By Patrick Yost
A proposal by the Morgan County Board of Elections to consolidate voting precincts from 11 locations to five was met with both derision and affirmation at a public hearing on the plan last Thursday.
More than 50 people attended the hearing at the Board of Elections office to hear both the specifics of the plan and what is driving the board to consider eliminating six voting precincts.
Board Chairman George Holt said voting had changed dramatically recently with the introduction of early voting (currently 21 days prior to an election) and Saturday voting. “Elections have changed tremendously…” he said. “It’s not an election day anymore, it’s a window of voting opportunity.”
Bobby Howington, elections supervisor, outlined voting trends, district changes and proposed cost savings with the consolidation plan. Early voting, he said, comprised more than half of 2012 election votes. Howington said roughly 53 percent of Morgan County voters voted early in 2012 and, he predicted, that number would rise in future elections. “It’s catching on and growing by election.”
The consolidation plan would dovetail precincts into current political districts for Morgan County Board of Commissioners and Morgan County Board of Education elections. Howington said the plan could save the county between $20,000 to $35,000 per year in staff reductions, advertising and ballot print bills. “Election costs have gone up and will continue to go up,” he said.
If approved by the Morgan County Board of Elections, the consolidation would begin with the 2014 election cycle.
Several people in the audience found fault in the plan, citing increased travel distance to the polls for some and presumed longer wait time at the polls on election day. “I really think there are going to be some lines. Many people are going to have to drive further,” said Madison City Council Member Michael Naples. “We want to make sure that the people can get to the polls easily. Why, in God’s name, for a few dollars, would you change the system?”
Rutledge resident John Artz disagreed. “How many times do people objecting to this [proposal] drive to Walmart, but you can’t drive to vote?”
Howington said the Morgan County Board of Commissioners had agreed to provide public transportation on voting days to ensure voters could reach the polls. Madison City Council member Joe DiLetto also pledged to drive voters to the polls on election day. “I’ll volunteer. I’ll drive them to the poll. All we need is 100 people to do the same thing and we’d have no problem,” he said.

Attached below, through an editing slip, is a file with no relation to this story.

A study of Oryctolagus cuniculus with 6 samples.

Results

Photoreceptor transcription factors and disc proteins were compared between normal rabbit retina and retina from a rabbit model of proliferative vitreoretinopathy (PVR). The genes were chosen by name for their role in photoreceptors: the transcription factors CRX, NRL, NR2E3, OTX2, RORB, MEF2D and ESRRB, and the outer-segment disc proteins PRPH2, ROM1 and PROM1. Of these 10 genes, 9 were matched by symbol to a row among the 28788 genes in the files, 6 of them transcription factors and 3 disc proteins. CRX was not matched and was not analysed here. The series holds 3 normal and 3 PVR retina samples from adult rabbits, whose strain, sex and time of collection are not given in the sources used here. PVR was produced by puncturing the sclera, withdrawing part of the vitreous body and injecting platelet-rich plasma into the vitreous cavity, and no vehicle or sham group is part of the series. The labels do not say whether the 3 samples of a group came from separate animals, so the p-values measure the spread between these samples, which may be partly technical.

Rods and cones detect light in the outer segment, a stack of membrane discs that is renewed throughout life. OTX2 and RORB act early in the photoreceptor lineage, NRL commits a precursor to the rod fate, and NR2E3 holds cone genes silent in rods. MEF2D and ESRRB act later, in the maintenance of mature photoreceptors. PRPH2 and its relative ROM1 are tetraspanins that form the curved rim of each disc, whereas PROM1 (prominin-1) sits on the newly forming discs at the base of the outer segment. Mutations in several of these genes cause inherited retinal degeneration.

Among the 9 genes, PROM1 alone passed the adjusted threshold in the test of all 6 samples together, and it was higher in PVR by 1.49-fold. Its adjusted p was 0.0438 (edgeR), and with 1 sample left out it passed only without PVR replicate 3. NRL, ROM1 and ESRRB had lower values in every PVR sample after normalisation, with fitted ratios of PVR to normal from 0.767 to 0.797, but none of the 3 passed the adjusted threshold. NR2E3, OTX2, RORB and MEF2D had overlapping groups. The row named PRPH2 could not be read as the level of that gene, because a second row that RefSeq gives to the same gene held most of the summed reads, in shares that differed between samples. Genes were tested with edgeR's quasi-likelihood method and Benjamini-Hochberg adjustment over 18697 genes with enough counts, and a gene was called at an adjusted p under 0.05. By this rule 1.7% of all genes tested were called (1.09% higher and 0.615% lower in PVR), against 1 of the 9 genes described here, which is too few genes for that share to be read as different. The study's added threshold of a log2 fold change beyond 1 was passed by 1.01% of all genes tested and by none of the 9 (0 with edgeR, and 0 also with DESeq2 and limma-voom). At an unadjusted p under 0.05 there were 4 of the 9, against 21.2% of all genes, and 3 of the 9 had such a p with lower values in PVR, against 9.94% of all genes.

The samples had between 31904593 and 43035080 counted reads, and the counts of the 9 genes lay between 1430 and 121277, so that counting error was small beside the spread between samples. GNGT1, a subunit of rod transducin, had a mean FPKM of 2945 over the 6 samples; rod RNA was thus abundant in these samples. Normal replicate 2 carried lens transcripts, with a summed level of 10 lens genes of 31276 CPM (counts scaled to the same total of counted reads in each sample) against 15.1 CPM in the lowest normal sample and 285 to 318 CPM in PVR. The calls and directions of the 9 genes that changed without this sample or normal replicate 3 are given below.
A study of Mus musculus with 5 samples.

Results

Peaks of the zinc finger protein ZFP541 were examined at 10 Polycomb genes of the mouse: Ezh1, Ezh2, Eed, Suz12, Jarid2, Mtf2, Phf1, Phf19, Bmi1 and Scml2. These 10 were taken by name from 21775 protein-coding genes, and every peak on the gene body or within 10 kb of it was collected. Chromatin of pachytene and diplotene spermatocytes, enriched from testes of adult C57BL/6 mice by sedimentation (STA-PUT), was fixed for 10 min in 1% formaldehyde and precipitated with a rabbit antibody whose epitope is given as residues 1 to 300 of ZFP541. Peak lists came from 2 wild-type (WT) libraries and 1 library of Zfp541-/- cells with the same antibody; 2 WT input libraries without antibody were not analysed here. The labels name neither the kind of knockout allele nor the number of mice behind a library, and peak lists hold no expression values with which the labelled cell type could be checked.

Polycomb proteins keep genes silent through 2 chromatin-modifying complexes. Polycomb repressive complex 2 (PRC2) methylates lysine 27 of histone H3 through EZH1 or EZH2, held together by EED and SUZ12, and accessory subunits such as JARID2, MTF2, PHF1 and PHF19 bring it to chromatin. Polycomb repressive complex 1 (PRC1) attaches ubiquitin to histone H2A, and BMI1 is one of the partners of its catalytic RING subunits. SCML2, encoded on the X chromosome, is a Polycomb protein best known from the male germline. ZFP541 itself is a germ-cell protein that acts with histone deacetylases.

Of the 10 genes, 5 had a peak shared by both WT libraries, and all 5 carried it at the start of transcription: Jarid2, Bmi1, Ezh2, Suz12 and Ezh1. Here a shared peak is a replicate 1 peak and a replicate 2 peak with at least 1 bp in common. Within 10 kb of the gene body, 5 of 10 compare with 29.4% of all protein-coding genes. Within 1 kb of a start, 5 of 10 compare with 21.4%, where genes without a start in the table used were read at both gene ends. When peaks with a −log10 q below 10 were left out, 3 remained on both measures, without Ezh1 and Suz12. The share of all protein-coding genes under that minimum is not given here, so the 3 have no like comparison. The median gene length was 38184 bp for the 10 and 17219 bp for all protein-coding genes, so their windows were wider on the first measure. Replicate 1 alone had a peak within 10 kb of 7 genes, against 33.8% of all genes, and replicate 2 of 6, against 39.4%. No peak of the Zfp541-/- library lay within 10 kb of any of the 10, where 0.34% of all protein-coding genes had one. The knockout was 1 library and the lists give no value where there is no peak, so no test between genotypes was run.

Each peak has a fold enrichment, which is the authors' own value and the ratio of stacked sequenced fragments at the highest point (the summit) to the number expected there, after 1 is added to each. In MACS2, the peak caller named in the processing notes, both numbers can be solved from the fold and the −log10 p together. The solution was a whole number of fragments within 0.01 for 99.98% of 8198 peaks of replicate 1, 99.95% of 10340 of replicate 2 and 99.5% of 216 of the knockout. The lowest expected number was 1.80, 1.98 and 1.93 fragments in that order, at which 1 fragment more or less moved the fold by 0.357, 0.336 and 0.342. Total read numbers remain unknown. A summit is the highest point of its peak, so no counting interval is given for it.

Patsy Harris, head of the Morgan County Democratic Party, said the plan had no merit and would affect lower income voters. “I’m here for the people who are infirm, who are elderly and who are underprivileged. If [precincts] are taken away or moved it will be the straw that breaks the camel’s back.”
“There is not a problem to be solved if you leave it the way it is. Leave it the way it is,” she said.
Board member Avery Jackson said the projected savings were miniscule compared to the county’s overall budget. “It’s so small. It’s hard to really talk about cost savings.” Jackson said the savings would amount to “one-tenth of 1 percent” of the county’s overall budget.
“What is more sacred that our right to vote. Thirty-five thousand dollars? Give me a break,” said Naples.
Board Member David Moore said that the elections staff had executed past elections without controversy or confusion and he asked the public to place faith in the staff and in their past track record. “They also have the right to say ‘I’m confident that they can handle it right because we have in the past,’” he said. Board Member Helen Butler said she could approve the plan if the board would agree to have two Saturday voting days.
“I would do nothing to disenfranchise or suppress votes,” said Howington. “I’m just asking you to give me an opportunity.”
The board had another public hearing on the consolidation plan scheduled for Tuesday, July 30 and will vote on the proposal at its regular meeting on Thursday, Aug. 15.